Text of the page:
The Battle of Stones River in Tennessee - aka, the Battle of Murfreesboro - began at dawn today, Dec. 31, 1862, and continued through the first two days of January 1863.
The Western Reserve Chronicle reports that the fighting has caused a "great deal of anxiety and apprehension, not only for the success of Union armies, but also because a large portion of the soldiers from this vicinity, were known to have engaged."
Another column in the Chronicle was datelined Jan. 5, 1863, at the battlefield near Murfreesboro, with the headline:
''OUR DEAD AND WOUNDED.''
Here is that report:
Messrs. Editors: The following is a correct list of casualties in Company C, 19th Ohio Infantry, in the battles of December 31, 1862, and January 2, 1863:
DECEMBER 31, WOUNDED
Captain Henry G. Stratton, acting Major, severely, left hip, but will recover.
Corporal Asael Adams, left leg, severely
Private James Boyd, right leg, severely
Private N.U. Dally, left leg, severely
Private William P. Gartman, hand, severely
Private Henry King, left leg, severely
Private Milo Wilson, hand, slightly
JANUARY 2, 1863
Lieutenant Job D. Bell, killed
Corporal Henry S. Shafer, killed
Private Lucius J. Scott, killed
Private Hiram Rader, mortally wounded, since died
Sergeant James J. Bailey, slightly in arm
Corporal Charles W. Talbitzer, leg, severely
Corporal John B. Lewis, left hip, severely
Private George W. Allen, neck, slightly
Private Henry W. Allen, hand, slightly
Private Ira A. Haight, right leg, severely
Private William J. Miller, left leg, broken
Private Daniel Powell, left leg, severely
Private Robert Reid, left side, slightly
Private Joseph Scott, right leg, severely
Private Miller Wilson, both legs, severely
Private N.S. Baldwin was injured by an ambulance team running away and striking him - not serious
The following "missing" are supposed to be prisoners from January 2nd:
John H. Dunn, William Mahony, and Thomas Jenkins.
There are none of the wounded who will be disabled, and all are well cared for and in good spirits.
Captain Stratton has honorable mention in our official reports for gallant behavior and bravery.
Lieutenant Bell was shot through the heart cheering his men on, and had won in the battle of the 31st a name for gallant and heroic action. We deeply sympathise with the friends of those who have fallen, in their affliction. No better or braver soldiers ever bore arms than were Shafer, Scott, and Rader, and they were universally respected and esteemed by their comrades.
We were victorious over the enemy, though at the sacrifice of many brave and noble lives.
HOMER C. REID, 2nd Lieutenant, commanding Co. C
A letter from Capt. Henry G. Stratton says Lt. Charles R. Harmon, 24th Ohio Infantry, was killed. In speaking of his own, Capt. Stratton says:
Something struck him in the hip, and down he went. It proved to be a ball, and not a piece of shell, as he feared. While on the ground, he was passed by rebel regiments, and was surrounded by dead and wounded comrades. He found that he must do something to save himself, and crawled until he came across a gun, with the assistance of which he regained his feet, and after a painful tramp of two hours, met our pickets, by whom he was conveyed to the hospital, and is now doing well.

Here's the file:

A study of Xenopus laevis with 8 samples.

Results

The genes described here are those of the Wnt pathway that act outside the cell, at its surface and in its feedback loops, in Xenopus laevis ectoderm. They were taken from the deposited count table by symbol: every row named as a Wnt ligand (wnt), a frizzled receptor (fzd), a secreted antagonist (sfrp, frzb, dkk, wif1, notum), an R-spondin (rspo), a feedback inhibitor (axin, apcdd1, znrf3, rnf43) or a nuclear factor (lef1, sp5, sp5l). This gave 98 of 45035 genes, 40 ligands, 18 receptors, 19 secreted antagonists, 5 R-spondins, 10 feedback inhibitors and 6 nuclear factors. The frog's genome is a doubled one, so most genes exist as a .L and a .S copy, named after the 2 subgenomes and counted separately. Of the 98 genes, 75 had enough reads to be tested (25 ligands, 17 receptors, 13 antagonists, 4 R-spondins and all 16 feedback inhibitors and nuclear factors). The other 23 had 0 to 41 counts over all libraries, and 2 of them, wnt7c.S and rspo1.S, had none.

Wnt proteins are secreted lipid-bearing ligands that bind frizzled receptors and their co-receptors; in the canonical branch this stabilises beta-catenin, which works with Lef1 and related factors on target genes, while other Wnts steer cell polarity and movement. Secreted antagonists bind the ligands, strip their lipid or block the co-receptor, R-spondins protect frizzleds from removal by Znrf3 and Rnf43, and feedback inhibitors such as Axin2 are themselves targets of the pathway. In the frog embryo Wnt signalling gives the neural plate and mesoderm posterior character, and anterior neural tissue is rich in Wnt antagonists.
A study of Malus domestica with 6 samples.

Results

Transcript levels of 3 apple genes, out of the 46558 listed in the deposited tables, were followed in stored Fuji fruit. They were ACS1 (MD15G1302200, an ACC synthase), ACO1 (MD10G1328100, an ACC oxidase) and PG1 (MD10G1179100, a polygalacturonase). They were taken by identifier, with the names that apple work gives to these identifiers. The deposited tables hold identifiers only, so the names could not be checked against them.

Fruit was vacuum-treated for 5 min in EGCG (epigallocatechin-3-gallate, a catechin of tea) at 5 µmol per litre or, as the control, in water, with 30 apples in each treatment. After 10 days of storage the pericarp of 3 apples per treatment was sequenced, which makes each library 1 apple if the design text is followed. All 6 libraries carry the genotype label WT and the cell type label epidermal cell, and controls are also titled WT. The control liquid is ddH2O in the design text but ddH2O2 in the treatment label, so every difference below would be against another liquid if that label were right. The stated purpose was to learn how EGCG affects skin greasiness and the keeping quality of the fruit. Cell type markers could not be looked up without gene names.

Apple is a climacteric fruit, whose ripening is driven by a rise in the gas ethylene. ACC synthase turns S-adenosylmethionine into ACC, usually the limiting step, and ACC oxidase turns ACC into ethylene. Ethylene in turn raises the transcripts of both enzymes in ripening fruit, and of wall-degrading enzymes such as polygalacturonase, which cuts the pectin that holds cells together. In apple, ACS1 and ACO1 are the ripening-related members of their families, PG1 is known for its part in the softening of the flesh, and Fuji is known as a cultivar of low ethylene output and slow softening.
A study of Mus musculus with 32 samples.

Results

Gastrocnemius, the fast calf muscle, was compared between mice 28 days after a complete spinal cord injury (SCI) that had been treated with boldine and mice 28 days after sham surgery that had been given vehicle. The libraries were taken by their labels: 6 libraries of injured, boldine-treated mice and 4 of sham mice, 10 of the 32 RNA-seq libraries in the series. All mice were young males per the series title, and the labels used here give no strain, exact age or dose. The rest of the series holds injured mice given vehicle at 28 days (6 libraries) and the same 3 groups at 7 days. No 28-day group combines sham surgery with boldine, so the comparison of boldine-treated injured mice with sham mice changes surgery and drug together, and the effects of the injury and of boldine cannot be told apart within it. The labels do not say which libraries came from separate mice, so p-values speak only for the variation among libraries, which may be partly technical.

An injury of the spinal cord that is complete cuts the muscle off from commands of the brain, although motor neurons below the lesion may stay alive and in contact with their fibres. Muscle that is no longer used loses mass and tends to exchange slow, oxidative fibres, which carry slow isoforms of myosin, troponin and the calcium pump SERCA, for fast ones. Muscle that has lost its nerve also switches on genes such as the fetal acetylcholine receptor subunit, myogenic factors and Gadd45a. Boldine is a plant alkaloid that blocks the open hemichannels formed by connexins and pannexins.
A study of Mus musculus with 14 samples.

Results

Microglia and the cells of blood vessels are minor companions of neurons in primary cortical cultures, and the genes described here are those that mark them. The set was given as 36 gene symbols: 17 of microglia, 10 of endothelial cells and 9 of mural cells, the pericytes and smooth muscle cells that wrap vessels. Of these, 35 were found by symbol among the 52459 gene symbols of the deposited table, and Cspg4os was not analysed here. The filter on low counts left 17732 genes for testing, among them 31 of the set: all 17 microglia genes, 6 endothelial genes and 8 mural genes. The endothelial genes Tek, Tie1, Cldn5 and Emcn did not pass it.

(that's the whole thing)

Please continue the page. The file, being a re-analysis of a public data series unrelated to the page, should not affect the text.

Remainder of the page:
In Company K, Lieutenant Wolcott had his left foot shot off.
We learn that private letters received here yesterday, state that Mr. John Cowan, of this place, died in hospital at Nashville, a few days since.
The Cleveland Herald of last evening, furnishes the following:
Company G, 19th Ohio Infantry - Killed, Charles Castmore. Wounded, Sergeant William Hurst, G. Merwin, face; Newton Lawson, shoulder; H. Towman, fingers; J. Wilmouth, arm and shoulder; Lyman Dull, arm. Missing 5.
24th Ohio Infantry - Killed, Colonel Jones, Major Terry, Captain Weller, Lieutenant Charles R. Harmon. Wounded, Lieutenant Diehl, Co. H; Lieutenant Horton, Co. I; Lieutenant Draeger, Lieutenant Acker; Lewis Ruber, Co. C, right hand, Summit County; William Roller, Co. C, nose, Mahoning County; W. Adams, Co. I, hip, Cuyahoga County. Loss of privates heavy.
Company A, 41st Ohio Infantry - Capt. J.W. McCleery (on Col. Hazen's staff), wounded in leg; Lieutenant C.C. Hart, commanding, killed; Albert McFarland, John M. Wagoner, killed.
Wounded - Sergts. James J. Mattocks, severely, Sheldon Crooks, slightly; Corporal Philip A. Bowers, privates Julius A. Cutler, C.A. Bennett, Hiram C. Kesser, George A. Clark, Edward Pfouts (wounded and missing), C.K. Smith, all severely; Albert Frost, Milo Ritchie, William Shirley, Adolphus Flint, Asbury Hewitt, all slightly.
Missing - John Little, Addison Lincoln.
NOTE: On Jan. 3, 1863, Confederate Gen. Braxton Bragg withdrew his troops from the Stones River battlefield, believing that Union Army reinforcements were imminent. This proved to be incorrect. Union Maj. General William S. Rosecrans and his soldiers were left in possession of the field. Thus Rosecrans declared Stones River a Union victory.
The stalemated fight cost 1,730 Union dead, 7,802 wounded and 3,717 missing. Bragg fared little better with 1,294 Confederate dead, 7,945 wounded and 1,027 missing. Rosecrans declined pursuit of the retreating rebel army.
In Warren, the returning veterans did not forget their fallen comrades Job D. Bel and Charles R. Harmon. In 1880, they named the Warren post of the Grand Army of the Republic the Bell-Harmon G.A.R. Post.
In Burghill, the veterans named their G.A.R. Post - the McFarland Post - in honor of Albert McFarland who had died at Stones River in Tennessee.
Compiled by members of the CW150 Committee of Warren's Sutliff Museum.